Here’s what a new study has found…

Physical activity may be all the craze nowadays, but actually, not many people work out on a global level.

The way the world works today almost sets us up for failure: most of us spend a big chunk of our waking hours sitting in offices and in front of computers, and when we’re relaxing by watching TV, for example, or doing another leisurely activity, we’re still being passive. 

In fact, despite all the perks of a dynamic life, the sedentary lifestyle is most prominent in industrialised countries, and many people suffer its consequences.

Research has shown that as a result of a lack of physical activity, many people end up developing cardiovascular diseases, musculoskeletal diseases, and even mental health problems.

Turns out, in today’s world, working out should become a conscious and deliberate activity, if you want to be healthier, feel better, and have better mental clarity.

Physical activity offers many benefits for both the body and the mind, however, a group of scientists from the University of Innsbruck in Austria wanted to focus strictly on the mind.

As working out is already known to positively influence the brain’s agility, they conducted a study to examine if short bouts of physical activity had any impact on cognitive function, especially in the context of taking a break during a busy day at work or school.


The primary goal of the study was to examine the impact of a ten-minute bout of running on the cognitive performance of physically active individuals, in this case, sports students.

The study model was a randomised parallel-group trial with 51 participants, 17 females and 34 males, at the approximate age of 22. All of them were at a good fitness level because they were all sport science students. They were randomly put into two groups: a physical activity group and a sedentary control group.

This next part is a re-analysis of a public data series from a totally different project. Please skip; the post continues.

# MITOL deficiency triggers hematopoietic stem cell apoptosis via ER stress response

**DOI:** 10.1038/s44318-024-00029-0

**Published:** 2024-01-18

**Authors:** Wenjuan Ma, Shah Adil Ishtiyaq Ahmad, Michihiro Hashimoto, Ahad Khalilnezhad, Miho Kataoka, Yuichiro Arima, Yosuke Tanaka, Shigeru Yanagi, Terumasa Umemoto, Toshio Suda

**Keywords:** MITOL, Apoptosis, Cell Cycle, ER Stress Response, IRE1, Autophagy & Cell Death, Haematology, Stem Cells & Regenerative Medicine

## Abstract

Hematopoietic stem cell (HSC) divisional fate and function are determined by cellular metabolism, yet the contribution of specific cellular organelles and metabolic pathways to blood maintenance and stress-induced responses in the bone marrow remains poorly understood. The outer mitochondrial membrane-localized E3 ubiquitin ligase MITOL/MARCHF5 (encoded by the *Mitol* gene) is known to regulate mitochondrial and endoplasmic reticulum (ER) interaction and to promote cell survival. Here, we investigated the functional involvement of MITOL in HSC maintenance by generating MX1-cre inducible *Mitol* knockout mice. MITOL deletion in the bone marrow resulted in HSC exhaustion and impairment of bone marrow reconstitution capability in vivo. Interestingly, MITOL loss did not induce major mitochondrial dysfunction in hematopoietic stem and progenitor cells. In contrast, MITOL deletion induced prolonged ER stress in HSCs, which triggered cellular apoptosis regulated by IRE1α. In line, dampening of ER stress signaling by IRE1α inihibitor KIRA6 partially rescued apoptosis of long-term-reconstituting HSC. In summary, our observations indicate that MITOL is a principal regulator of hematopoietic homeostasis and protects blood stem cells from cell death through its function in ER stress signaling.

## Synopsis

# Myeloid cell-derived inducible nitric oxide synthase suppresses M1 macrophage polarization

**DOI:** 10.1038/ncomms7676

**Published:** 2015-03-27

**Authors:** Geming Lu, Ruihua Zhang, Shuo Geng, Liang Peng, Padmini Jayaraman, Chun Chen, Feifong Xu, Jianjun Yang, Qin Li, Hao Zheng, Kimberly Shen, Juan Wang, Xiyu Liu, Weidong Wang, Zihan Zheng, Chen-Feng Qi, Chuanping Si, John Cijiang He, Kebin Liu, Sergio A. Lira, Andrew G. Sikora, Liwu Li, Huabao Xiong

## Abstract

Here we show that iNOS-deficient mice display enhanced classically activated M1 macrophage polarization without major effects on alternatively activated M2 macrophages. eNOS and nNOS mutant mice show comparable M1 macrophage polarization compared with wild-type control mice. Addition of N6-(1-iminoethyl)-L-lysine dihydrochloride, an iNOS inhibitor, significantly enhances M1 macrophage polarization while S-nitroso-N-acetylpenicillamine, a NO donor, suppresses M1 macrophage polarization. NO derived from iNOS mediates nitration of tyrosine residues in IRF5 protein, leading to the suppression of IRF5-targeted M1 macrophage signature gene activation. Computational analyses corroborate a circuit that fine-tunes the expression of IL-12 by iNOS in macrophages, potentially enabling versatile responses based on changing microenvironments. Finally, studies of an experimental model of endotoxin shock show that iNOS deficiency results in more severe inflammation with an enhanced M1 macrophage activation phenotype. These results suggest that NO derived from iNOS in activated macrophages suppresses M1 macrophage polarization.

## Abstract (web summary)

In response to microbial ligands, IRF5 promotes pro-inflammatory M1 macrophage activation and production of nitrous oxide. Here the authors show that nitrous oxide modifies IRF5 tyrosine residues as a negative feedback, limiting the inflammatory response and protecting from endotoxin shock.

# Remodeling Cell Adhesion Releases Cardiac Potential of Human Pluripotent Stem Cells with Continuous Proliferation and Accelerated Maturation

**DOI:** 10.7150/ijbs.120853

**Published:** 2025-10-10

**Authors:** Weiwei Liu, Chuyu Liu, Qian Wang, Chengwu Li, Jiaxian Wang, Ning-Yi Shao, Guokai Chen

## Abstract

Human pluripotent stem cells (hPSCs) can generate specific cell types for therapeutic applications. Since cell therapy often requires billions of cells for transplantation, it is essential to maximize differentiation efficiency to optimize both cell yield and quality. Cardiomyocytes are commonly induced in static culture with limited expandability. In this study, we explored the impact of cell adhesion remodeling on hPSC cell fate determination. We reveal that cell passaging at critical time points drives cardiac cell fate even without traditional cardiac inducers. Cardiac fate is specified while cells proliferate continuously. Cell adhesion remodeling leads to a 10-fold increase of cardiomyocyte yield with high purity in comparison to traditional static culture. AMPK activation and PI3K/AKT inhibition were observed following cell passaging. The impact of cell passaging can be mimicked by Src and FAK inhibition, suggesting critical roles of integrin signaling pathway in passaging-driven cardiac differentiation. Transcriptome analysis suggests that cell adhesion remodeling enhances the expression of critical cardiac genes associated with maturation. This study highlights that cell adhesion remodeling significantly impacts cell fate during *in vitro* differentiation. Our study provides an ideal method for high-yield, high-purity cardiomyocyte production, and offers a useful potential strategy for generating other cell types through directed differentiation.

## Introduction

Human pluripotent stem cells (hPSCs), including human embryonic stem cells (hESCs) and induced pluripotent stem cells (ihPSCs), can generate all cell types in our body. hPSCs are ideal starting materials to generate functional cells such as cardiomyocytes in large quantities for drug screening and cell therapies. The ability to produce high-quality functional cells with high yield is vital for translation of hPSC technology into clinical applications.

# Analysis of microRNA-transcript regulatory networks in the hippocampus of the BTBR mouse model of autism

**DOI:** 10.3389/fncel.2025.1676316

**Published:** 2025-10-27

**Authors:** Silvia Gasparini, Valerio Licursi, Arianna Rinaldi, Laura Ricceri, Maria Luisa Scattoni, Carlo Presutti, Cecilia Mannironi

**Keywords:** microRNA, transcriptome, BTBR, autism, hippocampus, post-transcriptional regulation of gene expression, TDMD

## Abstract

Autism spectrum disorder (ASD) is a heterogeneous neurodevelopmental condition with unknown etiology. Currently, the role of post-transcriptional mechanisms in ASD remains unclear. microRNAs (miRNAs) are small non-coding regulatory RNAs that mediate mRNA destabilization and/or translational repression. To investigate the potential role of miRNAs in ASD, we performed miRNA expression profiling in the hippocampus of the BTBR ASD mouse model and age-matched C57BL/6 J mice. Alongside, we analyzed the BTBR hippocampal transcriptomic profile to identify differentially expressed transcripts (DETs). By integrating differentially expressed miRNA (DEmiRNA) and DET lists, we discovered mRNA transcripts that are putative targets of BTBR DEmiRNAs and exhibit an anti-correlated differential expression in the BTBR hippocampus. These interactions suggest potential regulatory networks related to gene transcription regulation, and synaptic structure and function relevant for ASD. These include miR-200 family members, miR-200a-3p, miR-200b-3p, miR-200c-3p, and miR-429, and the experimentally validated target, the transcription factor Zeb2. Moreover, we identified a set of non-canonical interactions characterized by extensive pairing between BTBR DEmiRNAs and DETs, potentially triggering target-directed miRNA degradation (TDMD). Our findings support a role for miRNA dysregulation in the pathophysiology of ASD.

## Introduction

The task of the participants in the physical activity group was to run outdoors for 10 minutes, while at the same time the participants in the sedentary group were asked to remain in a sedentary position.

The results were assessed at three points in time: pre-intervention, post-intervention, and 30 minutes after the intervention, as a follow-up.

More specifically, the scientists were interested in the changes of visual attention, as well as perceived attention and affective states.


The results of this study are very interesting, and given what we know, not unexpected.

The main conclusion is that compared to the sedentary group, the physical activity group had significant changes in cognitive function, mental sharpness, and attention immediately after the physical activity. However, this effect faded before the 30-minute check-up.

Here’s what else they found:

  • Short bouts of physical activity can be really effective for visual attention. According to the research, “the greatest enhancement in cognitive functions occurs within a critical time window of 11 to 20 min after the physical activity bout.”
  • Both physiological and cognitive arousal was observed in the physical activity group compared with the sedentary group. Scientists weren’t able to fully explain the mechanisms of action of this effect, but it was nonetheless noticeable.
  • Perceived attention in the physical activity group was also notably increased immediately after the exercise, but disappeared before the first 30 minutes were up. 



They concluded that “a ten-minute running bout conducted in a study course break might be considered a more restorative short-term intervention to enhance visual attention shortly after a break, compared with a sedentary control condition”.

Furthermore, they go on to suggest that this is an easy way to include small breaks for students throughout the day and potentially apply this approach to offices as part of a regular routine in the future.

There are many more individual parameters left that need to be taken into consideration before generalising these results, like the intensity variation of the exercise, the motivation, and mood of the participants, the outside conditions, etc., but for now, it’s clear that exercise does influence the mind’s performance.

In any case, taking a small break in your day where you do any kind of physical activity will definitely be of good use for your cognitive performance as well as your mental health, no doubt about that.